As more schools across the country open for in-person classes, there’s no doubt that online learning has become more commonplace as a result of the pandemic. Families are viewing online school as more than just a temporary option, but many still are thrown off because of public misconceptions
Below are the top three myths I hear as an online school teacher, and the real truth about virtual learning I see every day.
Myth: Online school is the same as homeschool. This is a very common misconception—I have probably said the same thing prior to my experience as an online teacher. Both options provide flexibility in learning outside of the brick-and-mortar environment. However, there are some key differences.
In homeschooling, the parents both build the curriculum and serve as instructors. With online school, the curriculum is established by a public or private virtual academy and parents act as learning coaches alongside hired teachers. These teachers serve as a resource for both the students and their learning coaches.
Both options require parents to be more hands-on than they would be with a brick-and-mortar school. Homeschooling gives complete control to the parent, while online schools do follow state school requirements, provide socialization opportunities and relinquish much of the teaching responsibility to a teacher. But the outcome is the same—the instruction is tailored to the student, and parents have autonomy in their child’s education.
Myth: Students won’t develop social skills in online school. Just like in brick-and-mortar schools, online schools provide plenty of opportunities for students to socialize in and out of the “classroom,” perhaps even more so because of its digital setting.
The truth is students do make friends and have peer interaction within the virtual classes. Their learning goals are the same, and this shared goal connects students regardless of location.
In addition, the teacher is able to create a community that serves to bolster students’ academics as well as their sense of belonging. I personally do this through weekly “class connects,” hosting monthly social events, and keeping a virtual bulletin board where we share some of the students’ hobbies outside of school.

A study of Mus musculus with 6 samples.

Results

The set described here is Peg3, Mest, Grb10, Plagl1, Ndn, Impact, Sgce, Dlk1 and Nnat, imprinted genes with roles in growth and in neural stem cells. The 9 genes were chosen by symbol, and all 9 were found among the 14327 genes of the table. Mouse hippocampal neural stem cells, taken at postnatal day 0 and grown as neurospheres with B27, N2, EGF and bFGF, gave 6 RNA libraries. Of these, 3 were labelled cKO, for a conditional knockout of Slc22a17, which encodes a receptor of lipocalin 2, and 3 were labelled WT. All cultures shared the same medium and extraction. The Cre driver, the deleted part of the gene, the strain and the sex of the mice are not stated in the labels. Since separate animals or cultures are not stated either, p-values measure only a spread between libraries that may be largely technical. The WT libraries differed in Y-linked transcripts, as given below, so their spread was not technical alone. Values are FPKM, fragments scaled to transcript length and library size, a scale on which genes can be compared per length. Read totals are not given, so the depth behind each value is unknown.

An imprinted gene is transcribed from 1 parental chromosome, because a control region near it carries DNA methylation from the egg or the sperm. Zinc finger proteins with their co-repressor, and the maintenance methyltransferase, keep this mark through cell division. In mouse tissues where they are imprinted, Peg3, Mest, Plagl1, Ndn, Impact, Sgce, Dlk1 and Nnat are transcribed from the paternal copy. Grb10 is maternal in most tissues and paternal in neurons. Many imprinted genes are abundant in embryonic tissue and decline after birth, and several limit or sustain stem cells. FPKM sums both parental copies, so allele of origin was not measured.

Outside of class, in a pre- and post-pandemic world, online schools offer extracurricular activities just as any physical school would, such as clubs, field trips, game nights, talent shows, and so much more. And often, students have more time for purposeful play, interactions, and activities outside of school because they are able to complete their schoolwork at their level and their pace.
Myth: Online school only works for student athletes and performers on the road. Yes, there are high-powered students who benefit from the schedule of an online school to train for a sport or tour the world. But online schools also serve students of various cultural backgrounds, some who attend religious school each day, military families, students with special medical or academic needs, many with safety concerns around COVID-19, those who have been bullied, and more!
The online learning environment is incredibly diverse, and students can only benefit from being exposed to peers with unique personal stories and reasons for choosing online school.
Truth: Online School Works! Any changes and decisions regarding the education of your children are scary regardless of the situation. Charter, private, magnet and online are all choices that parents are presented with, each with their own pros, cons, myths, and truths. Parents know their children better than anyone, and these education options give parents the ability to apply this knowledge towards their own child’s learning while being given the resources, structure, and curriculum to ensure that they are supporting their unique academic needs.
Online learning creates an individual path for each student and allows families to tailor the instruction to their social, academic, and emotional needs. Students are able to learn the way that they and their families feel is best, and that in itself makes them a success.
Amanda Morley teaches 3rd grade reading and math at Virginia Virtual Academy. She currently lives in Valrico, FL.
To learn more about Virginia Virtual Academy, visit vava.k12.com.